28 OCTOBER 1899
The British ‘routed’ the Boers at Glencoe on Friday, the next day they ‘routed’ them at Elandslaagte, and then the ‘victors’ abandoned their camp and raced back to Ladysmith.
Is it not strange? The victorious army was in such a hurry, too, that it left its wounded behind it, including its general—Symons—to die a prisoner in the hands of the Boers.
It was a ‘strategic movement,’ and, we are told, the British military staff is full of admiration for the masterly manner in which it was executed. It is not the first time in their wars with the Boers that the British have executed ‘strategic movements to the rear.’
The ‘rout’ of the Boers was so complete at Glencoe that they had merely time left to capture their pursuers and send them on to Pretoria.
General White moved out from Ladysmith to meet his ‘strategic’ brother-general and ‘defeated’ the Free State Boers. From his position he observed the Boers ‘fleeing westward.’ Perhaps they were trekking towards Ireland. It cost him, he admits, 109 men to behold the sight.
We will get nothing but accounts of British victories and strategic movements in South Africa for some time. The cables are in the hands of the British, and they are working them for all they are worth. The Irishman who swallows the stuff printed morning after morning in the daily papers without several grains of salt is a very simple fellow.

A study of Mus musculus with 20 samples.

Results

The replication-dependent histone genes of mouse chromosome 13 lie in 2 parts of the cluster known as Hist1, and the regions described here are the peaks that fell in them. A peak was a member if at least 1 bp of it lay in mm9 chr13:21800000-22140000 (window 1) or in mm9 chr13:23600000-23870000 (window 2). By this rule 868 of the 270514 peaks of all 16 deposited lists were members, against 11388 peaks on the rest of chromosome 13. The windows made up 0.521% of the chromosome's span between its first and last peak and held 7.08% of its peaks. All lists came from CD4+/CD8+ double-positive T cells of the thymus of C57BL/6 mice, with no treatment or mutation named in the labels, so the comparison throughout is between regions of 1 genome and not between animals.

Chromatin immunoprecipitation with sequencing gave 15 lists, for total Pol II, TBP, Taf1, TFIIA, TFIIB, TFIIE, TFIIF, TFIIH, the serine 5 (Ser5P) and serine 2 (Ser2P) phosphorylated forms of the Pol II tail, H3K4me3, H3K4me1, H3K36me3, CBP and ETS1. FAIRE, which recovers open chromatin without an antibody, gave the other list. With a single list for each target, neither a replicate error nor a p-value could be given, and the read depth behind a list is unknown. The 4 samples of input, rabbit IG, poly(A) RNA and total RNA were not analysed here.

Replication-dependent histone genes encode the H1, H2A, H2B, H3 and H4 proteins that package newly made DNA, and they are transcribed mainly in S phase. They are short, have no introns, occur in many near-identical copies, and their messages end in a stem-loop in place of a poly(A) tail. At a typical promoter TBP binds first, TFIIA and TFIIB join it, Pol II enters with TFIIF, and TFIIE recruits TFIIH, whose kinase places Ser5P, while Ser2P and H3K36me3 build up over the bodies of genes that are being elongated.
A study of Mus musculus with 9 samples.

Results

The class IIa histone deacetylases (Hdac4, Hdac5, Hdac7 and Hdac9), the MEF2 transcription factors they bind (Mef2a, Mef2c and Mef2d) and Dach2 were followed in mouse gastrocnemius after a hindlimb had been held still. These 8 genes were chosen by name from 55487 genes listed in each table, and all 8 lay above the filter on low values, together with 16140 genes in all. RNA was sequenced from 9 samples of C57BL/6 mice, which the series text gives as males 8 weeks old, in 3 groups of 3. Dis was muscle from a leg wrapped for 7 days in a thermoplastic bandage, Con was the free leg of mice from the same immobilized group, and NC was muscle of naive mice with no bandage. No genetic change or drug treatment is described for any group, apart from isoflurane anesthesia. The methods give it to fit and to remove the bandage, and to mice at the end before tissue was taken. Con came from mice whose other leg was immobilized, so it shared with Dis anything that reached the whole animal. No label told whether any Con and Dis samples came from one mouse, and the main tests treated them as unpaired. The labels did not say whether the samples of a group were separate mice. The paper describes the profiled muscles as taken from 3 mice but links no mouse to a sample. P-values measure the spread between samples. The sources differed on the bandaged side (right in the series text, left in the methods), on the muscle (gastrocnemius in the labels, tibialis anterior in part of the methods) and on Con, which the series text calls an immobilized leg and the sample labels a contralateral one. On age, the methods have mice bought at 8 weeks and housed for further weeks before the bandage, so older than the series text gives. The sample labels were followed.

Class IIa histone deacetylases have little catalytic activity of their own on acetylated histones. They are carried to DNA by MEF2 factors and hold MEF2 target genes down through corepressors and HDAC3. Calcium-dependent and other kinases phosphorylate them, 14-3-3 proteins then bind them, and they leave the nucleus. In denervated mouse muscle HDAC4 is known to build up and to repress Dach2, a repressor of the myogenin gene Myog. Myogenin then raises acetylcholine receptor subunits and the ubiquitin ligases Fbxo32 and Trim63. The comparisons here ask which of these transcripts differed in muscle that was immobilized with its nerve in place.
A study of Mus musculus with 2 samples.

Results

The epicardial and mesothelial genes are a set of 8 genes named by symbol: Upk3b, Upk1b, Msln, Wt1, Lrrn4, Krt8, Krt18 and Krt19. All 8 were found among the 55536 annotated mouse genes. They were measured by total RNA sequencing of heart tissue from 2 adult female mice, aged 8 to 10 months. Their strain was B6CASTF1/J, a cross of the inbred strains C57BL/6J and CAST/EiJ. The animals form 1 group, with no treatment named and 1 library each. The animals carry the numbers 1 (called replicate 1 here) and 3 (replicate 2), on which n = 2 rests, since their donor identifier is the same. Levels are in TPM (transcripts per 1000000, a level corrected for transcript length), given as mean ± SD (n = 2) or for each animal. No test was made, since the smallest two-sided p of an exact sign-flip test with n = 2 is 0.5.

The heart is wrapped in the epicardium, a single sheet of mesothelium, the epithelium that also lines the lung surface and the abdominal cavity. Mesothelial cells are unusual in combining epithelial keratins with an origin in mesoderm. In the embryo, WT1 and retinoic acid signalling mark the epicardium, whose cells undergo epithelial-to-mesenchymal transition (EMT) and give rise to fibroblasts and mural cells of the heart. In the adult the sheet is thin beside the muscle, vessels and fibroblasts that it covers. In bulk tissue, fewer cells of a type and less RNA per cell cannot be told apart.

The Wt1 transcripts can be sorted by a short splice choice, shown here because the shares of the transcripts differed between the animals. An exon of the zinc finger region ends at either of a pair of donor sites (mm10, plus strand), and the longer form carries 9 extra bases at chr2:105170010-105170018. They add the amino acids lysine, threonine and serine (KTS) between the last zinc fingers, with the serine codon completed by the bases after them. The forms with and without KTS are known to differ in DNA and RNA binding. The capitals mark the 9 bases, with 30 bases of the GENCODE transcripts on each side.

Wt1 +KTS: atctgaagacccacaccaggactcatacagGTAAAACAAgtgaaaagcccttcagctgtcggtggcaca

Let me draw attention to this one little fact. On Sunday the Boers attacked Glencoe Camp for the second time. What really occurred there the British War Office did not divulge, but the next piece of information the public received was that General Yule was in full retreat. Verb. sap.
Colonel Baden-Powell claims to have blown up a number of ‘the enemy’ with dynamite. The news has brought joy to the British heart. If the gallant Colonel were an Irishman, and blew a brick out of one of the enemies’ buildings with dynamite, the enemy would clap him into one of its prison-hells and torture him into insanity—if it did not hang him.
Since General Viljoen was taken prisoner some of the Britishers have set up a shout for his execution. They hate Ben, but they dare not carry out their threat. The hatred of the English for the General is simply fanatical, and one of the main reasons for it is the gallant Krugersdorpman’s friendliness to Ireland and the Irish.
Three years ago Viljoen, at the request of the Irishmen of Johannesburg and Pretoria, tried to induce the Transvaal Government to establish a regular Irish corps. The Government was sympathetic, but it could not, without repealing the Grondwet, establish anything in the nature of a regular army. Then the General gave every assistance in forming the Pretoria Irish Volunteers.
In his two papers, the Krugersdorp Sentinel and De Voortrekker, Viljoen supported the Irish cause vigorously, not the Irish ‘cause’ of Home Rule or anything of that ilk, but the cause of Tone and Mitchel. No Irish National movement was ever initiated in the Transvaal that did not receive his warm and disinterested support. The General took a keen interest in Irish affairs at home and in America, and was, I am glad to say, a constant reader of THE UNITED IRISHMAN.
‘When you drive out the Rooineks,’ said I to him on one occasion, ‘what will you do next?’ ‘Do,’ said Ben, ‘why I’ll take a thousand of my Boers and go over to help you fellows in Ireland.’
Yes, the Britishers would like to hang the gallant General, but they dare not. May his wound soon heal, his imprisonment be short, and his eyes be gladdened with the sight of the blood-red flag he hates being trampled in the earth.